Free Study Guide: The Woman Warrior by Maxine Hong Kingston|
Brave Orchid tells her children they must help her to keep their father
from taking a new wife. Her husband tells her he is almost seventy years
old and does not plan to take a second wife. Remembering the story of
their aunt, Moon Orchid, Brave Orchid's daughters decide that “they would
never let men be unfaithful to them."
This is the only chapter in which Kingston uses an uninterrupted storytelling format. It is told in the regular past tense, and Kingston, the present-day "I" narrator, never comes in to break the narrative or comment on her present life or her gaps in knowledge. Here, Brave Orchid gets center stage in the center of the book, and Kingston shrinks into the background only mentioned in the third person as the oldest of Brave Orchid's children whose name sounds like "ink" to Moon Orchid.
Moon Orchid and Brave Orchid represent for Kingston two very different modes of feminine gender. Up until this chapter, the book has portrayed Brave Orchid as the main image of a Chinese woman: a picture of strength, daring, imagination, and will. In Moon Orchid, a very different mode of Chinese femininity is developed. She is quiet, submissive, delicate, and in genuine need of protection and care. Moon Orchid fulfills more of the American stereotype of Chinese women, often perpetuated in books and movies. For Kingston, Moon Orchid is another example of Chinese womanhood to be avoided. Where her mother is loud and embarrassing, Moon Orchid is silent, as she tries to be demure. Kingston is determined to be like neither Chinese woman.
Moon Orchid serves a second function in her contrast to her sister. She comes directly from China and, thus, brings with her all the cultural customs in which Brave Orchid has either adapted or abandoned. She is unable to look people directly in the eyes, and imagines that those who do are wild animals or barbarians. She is shocked to find that Brave Orchid has hung her own family’s portraits, when the custom is to hang only the pictures of dead ancestors. Unable to question the authority of any man, Moon Orchid has lived thirty years without challenging the husband who abandoned her. When she finally sees him, she is unable to utter a word. Unlike Brave Orchid, who has adapted to a life filled with hard work and providing for her family, Moon Orchid has lived off the money sent by her husband and never worked for a living, unable still to provide for herself. Even more than Brave Orchid, she thinks only things Chinese are human and all else is savage and ghost-like. As a result, Moon Orchid is unable to make the transition to life in America and goes mad.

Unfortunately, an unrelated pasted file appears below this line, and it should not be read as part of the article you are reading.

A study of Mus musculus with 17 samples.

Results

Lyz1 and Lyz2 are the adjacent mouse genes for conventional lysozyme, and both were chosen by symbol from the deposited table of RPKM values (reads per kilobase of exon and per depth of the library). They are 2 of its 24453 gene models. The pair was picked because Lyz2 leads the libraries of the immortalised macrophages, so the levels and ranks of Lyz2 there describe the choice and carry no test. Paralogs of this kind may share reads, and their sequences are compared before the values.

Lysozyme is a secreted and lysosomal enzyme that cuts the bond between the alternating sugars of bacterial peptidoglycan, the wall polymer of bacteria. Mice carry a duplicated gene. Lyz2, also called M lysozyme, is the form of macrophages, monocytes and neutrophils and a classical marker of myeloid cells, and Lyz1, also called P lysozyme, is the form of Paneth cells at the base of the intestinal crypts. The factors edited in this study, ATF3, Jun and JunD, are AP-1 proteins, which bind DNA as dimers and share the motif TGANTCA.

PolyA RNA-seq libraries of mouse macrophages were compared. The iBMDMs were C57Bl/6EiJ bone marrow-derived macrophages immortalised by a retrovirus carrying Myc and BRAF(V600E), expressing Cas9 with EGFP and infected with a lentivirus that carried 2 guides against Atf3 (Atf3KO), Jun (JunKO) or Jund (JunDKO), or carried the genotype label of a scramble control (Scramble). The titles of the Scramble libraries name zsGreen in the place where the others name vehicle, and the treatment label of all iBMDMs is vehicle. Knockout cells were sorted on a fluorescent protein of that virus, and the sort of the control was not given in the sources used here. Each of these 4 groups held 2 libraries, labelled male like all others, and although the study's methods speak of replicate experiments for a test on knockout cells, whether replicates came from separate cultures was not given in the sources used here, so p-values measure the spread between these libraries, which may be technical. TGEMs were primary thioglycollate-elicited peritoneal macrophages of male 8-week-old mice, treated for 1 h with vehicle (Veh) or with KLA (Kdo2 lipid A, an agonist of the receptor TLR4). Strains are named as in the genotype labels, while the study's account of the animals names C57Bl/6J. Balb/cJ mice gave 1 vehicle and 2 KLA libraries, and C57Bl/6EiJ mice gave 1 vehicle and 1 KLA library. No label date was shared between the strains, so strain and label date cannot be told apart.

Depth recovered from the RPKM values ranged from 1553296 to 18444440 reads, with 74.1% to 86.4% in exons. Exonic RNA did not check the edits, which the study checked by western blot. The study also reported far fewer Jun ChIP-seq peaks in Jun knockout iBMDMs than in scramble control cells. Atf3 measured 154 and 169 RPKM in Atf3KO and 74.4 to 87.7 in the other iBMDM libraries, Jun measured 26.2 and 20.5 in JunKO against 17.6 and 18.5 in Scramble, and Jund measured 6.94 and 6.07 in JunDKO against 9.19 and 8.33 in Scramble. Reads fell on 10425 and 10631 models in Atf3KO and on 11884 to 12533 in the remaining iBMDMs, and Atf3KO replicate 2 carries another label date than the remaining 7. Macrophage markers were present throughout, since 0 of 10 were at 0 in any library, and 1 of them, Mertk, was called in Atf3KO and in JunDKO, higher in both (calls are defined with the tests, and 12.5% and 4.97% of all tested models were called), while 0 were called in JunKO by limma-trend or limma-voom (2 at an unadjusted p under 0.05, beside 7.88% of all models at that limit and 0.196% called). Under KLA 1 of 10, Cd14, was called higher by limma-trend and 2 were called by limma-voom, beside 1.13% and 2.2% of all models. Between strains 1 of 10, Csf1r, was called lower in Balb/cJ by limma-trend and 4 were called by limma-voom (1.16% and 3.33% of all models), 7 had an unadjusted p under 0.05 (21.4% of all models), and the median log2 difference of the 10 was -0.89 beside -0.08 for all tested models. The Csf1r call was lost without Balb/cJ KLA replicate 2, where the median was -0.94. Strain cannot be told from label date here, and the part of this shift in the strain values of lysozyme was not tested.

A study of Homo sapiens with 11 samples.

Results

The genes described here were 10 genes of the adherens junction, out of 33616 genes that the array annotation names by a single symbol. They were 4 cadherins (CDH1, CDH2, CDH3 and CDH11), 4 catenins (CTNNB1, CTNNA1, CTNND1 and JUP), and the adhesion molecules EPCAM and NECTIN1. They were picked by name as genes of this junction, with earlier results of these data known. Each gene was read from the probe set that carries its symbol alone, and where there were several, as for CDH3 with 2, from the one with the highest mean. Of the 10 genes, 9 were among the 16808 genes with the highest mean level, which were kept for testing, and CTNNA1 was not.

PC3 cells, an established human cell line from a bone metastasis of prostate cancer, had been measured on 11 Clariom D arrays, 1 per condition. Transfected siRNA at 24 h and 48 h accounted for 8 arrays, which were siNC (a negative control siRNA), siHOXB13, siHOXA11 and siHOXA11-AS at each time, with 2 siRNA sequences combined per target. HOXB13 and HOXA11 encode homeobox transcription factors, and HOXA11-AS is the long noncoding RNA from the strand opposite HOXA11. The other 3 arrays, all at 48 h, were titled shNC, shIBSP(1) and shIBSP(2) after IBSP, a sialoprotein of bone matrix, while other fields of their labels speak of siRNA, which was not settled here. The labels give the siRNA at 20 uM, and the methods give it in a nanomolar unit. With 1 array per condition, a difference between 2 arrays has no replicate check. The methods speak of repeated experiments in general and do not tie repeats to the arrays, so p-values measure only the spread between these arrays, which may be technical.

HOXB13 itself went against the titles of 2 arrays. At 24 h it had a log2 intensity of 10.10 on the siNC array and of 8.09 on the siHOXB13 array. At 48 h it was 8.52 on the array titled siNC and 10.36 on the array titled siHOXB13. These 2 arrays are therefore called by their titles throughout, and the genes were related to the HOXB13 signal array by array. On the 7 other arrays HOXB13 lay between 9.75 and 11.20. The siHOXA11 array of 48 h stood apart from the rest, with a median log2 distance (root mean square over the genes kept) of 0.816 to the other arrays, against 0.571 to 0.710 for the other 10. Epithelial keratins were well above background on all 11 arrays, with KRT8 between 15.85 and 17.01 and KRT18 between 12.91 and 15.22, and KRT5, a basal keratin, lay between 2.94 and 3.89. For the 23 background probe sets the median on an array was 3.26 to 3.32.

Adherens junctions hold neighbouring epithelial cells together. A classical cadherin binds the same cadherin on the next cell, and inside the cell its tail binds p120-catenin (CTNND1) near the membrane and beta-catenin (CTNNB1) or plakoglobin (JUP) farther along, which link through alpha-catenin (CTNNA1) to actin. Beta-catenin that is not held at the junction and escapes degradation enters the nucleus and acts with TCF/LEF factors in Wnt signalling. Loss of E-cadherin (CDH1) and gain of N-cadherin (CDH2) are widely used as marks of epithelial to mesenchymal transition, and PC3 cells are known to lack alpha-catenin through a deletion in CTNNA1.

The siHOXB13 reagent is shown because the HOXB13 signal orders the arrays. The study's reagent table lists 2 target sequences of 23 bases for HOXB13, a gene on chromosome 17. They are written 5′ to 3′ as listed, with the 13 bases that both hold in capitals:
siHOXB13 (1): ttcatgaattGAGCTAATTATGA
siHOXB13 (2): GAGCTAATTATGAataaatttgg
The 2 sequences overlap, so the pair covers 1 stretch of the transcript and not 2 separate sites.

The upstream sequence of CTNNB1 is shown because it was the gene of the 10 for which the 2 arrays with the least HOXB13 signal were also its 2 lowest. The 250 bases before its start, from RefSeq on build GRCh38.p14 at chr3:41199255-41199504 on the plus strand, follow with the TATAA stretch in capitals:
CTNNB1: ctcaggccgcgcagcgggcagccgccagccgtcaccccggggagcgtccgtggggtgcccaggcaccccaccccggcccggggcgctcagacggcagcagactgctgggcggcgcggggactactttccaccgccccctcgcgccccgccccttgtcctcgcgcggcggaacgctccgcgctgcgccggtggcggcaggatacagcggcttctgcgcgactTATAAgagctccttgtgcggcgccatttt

This section also reveals Brave Orchid's sense of disconnection with her children.
They are not only a generation apart, but also virtually a culture apart.
Brave Orchid does not understand the measures of success in the United
States, which have marked her children's school years. She questions their
honesty in telling her of their successes since her measures of success
are Chinese, at which her children fail. She wonders why anyone would
want to marry her children, since they seem lazy and disorganized to her.
She also resents their American ways, their abilities to laugh at life
and stare trouble in the face. In this aspect, Kingston has provided a
valuable and poignant insight into the pain of being an immigrant parent
who watches her children become foreigners.